During statements made on Tuesday at the United Nations, Brazilian President Dilma Rousseff said the US grossly overstepped the limits of its power with its extensive data collection program.
Craig Ruttle/ AP Photo
Brazil's president delivered a stinging rebuke Tuesday to the United States over its surveillance program that has swept up data from billions of telephone calls and emails that have passed through Brazil — including her own.
She also called on the global body to create a framework of Internet regulation to halt the US and other nations from using it as the "new battlefield" of espionage.
Addressing the UN General Assembly on the first day of its annual meeting, President Dilma Rousseff accused the US of violating Brazil's sovereignty with what she called a "grave violation of human rights and of civil liberties."
"In the absence of the respect for sovereignty, there is no basis for the relationship among nations," Rousseff said. "Friendly governments and societies that seek to build a true strategic partnership, as in our case, cannot allow recurring illegal actions to take place as if they were normal. They are unacceptable."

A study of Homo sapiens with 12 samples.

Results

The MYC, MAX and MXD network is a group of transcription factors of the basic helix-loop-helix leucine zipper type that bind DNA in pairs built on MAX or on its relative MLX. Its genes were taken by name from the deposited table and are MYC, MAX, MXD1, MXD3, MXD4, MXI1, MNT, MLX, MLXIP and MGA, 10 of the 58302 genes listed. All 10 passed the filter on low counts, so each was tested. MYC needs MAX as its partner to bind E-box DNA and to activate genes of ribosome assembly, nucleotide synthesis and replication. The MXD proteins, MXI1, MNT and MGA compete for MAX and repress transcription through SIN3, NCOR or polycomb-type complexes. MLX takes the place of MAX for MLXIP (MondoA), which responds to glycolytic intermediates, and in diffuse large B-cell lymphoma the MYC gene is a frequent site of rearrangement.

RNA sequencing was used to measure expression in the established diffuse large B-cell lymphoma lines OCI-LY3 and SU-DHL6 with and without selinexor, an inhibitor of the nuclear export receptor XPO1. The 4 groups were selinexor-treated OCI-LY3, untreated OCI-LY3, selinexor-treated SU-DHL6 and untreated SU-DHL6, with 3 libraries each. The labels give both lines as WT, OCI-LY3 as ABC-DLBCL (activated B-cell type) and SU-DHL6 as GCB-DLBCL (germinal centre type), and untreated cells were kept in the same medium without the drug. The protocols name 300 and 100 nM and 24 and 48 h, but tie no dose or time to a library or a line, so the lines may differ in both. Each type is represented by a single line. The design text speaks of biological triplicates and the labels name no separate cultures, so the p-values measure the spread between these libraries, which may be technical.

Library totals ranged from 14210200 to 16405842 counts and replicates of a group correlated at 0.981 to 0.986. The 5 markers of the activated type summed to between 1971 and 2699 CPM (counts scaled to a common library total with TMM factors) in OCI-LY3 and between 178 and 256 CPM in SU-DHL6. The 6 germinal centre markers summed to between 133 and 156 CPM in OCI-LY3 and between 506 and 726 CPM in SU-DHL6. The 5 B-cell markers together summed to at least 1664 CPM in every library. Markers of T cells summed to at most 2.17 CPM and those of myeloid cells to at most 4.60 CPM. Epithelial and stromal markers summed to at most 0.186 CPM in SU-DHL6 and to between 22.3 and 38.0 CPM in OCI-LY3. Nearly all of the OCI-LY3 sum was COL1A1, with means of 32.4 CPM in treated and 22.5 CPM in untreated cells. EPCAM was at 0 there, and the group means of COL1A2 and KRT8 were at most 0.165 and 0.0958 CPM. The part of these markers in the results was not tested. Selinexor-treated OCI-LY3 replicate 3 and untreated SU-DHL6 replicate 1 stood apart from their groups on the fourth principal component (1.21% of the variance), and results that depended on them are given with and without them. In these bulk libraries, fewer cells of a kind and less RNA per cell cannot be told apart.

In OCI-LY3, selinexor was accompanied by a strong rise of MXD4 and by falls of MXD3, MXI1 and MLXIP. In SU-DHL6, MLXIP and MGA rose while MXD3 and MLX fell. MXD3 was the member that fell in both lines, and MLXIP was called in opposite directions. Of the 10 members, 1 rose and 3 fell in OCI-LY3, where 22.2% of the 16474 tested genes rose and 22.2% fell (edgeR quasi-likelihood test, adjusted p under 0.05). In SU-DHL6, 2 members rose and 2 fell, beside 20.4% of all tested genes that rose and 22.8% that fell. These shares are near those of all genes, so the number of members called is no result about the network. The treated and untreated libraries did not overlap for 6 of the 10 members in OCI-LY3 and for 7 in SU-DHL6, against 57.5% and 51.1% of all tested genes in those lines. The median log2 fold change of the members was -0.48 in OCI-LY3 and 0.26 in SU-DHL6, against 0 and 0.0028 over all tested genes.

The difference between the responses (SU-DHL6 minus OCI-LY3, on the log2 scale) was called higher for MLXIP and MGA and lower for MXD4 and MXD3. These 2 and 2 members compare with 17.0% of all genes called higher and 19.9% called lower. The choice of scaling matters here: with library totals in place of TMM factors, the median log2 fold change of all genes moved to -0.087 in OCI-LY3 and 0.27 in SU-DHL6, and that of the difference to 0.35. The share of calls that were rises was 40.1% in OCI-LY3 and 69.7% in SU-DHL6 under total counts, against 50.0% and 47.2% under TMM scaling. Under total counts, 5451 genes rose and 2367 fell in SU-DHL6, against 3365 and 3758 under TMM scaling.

Last week, she shelved an upcoming state trip to the US in a show of anger over the US National Security Agency program.
Brazil is an important hub for trans-Atlantic fiber optic cables. The NSA, tasked with intercepting potential terror communications, also reportedly hacked into the computer network of state-run oil company Petrobras.
Rousseff said the NSA also collected economic and strategic corporate data, as well as messages by Brazilian diplomats, including to the United Nations, and from her own office.